AUGUSTA, Maine -- Preliminary data from this year's deer season indicate that this year's harvest will be in the mid 20,000's, not the low 30,000's as expected. That would be a decrease of approximately 30 percent from last year, and an approximately 20 percent greater decrease than expected. Last year's deer kill was 36,885, this year, biologists expected a harvest of approximately 32,850.
"Several factors made an impact on this year's harvest," said Gerry Lavigne, Deer Project Leader for the Department of Inland Fisheries and Wildlife, "It's possible that we underestimated the impact of the severe 2001 winter on deer mortality in Central and southern Maine, but also part of the decline can be attributable to low hunter effort and sub-optimal hunting conditions observed by field biologists.
During the deer season, regional IFW biologists examined 6,000 deer, and tagging station operators collected additional data. That data was used to compile the preliminary harvest figure. A more complete picture of this past season as well as estimate of the deer population will be available in February.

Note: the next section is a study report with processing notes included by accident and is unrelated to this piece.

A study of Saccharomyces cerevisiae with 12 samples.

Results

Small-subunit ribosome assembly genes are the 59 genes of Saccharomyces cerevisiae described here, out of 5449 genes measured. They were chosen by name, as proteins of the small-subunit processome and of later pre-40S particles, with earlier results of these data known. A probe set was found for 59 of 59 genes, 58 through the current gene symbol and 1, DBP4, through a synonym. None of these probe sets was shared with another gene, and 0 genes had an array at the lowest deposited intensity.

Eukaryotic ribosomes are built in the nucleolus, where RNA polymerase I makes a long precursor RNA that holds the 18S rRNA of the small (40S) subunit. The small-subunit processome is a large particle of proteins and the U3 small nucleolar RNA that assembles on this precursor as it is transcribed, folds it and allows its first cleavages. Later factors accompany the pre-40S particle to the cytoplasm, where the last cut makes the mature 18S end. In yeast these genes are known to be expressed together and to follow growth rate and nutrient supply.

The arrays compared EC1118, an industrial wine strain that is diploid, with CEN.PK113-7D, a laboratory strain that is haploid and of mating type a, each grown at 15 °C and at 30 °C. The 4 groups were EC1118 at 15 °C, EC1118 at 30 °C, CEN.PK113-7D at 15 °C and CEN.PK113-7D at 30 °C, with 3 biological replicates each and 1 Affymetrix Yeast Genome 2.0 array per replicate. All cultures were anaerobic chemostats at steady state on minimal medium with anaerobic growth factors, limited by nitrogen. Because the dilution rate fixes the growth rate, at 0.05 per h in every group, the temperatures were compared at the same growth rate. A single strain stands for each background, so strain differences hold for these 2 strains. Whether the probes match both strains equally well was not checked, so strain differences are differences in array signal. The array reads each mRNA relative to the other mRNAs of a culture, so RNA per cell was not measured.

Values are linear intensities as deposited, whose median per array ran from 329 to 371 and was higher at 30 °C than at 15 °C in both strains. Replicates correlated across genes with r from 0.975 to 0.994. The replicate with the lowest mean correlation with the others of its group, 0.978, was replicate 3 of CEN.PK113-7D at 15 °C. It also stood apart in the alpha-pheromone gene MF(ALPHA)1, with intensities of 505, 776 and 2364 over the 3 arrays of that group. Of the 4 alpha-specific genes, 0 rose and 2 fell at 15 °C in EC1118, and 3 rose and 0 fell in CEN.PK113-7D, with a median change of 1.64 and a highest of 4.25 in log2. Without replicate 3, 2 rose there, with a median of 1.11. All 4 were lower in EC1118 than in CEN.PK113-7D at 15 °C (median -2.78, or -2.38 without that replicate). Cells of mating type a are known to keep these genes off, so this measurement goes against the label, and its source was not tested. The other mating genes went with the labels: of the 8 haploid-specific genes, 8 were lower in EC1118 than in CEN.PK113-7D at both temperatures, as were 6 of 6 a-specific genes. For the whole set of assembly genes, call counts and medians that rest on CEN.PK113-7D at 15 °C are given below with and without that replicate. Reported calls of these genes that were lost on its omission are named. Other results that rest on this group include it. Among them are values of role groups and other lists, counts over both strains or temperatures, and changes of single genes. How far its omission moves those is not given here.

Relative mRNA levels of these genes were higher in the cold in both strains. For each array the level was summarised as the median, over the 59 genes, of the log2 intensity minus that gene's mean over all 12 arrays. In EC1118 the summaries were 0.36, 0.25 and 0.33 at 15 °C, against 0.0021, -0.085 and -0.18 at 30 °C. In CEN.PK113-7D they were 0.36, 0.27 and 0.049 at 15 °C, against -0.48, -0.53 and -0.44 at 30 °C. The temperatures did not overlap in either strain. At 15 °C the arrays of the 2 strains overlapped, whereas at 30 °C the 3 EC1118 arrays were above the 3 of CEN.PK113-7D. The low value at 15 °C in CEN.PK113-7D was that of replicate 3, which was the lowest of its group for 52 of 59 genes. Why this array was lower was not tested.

"Far northern and western regions dropped in the numbers that were expected, but harvests in central and southern sections of the state decreased to a greater degree than we expected," said Lavigne.
Among the deer examined, there was a decrease in the number of yearlings relative to the number of older bucks and does. Yearling deer, or deer that were born in the early summer of 2000, would be the most susceptible to the severe winter of 2000- 2001. Some younger bucks that were examined, ages 2 ½ to 4 ½ also showed slightly poorer antler development this year, which is also an indicator of the past year's severe winter.
This firearms deer season, which ran from October 27 to November 24, was one of the earliest ever. The first two and a half weeks of the season preceded the peak of the rut (November 15-22) when deer are most active. Weather was warmer and drier than normal during all four weeks, limiting deer movement; and there were no prolonged cold snaps, keeping hunters out of the field. While there were several days of tracking snow in parts of Maine, the snow cover was of short duration. All the factors seemed to have contributed to a lower than expected deer harvest.
Reports from regional IFW biologists from all parts of the state noted a lack of hunting pressure throughout the season. While some areas were more heavily hunted than others, hunter effort did not materialize to the level it had in years past. In conversations with hunters, biologists noted four common laments: less deer sign, weather that is too warm, bucks not rutting yet and the season is too early. They noted that hunter enthusiasm certainly could have waned after initial outings proved unsatisfactory.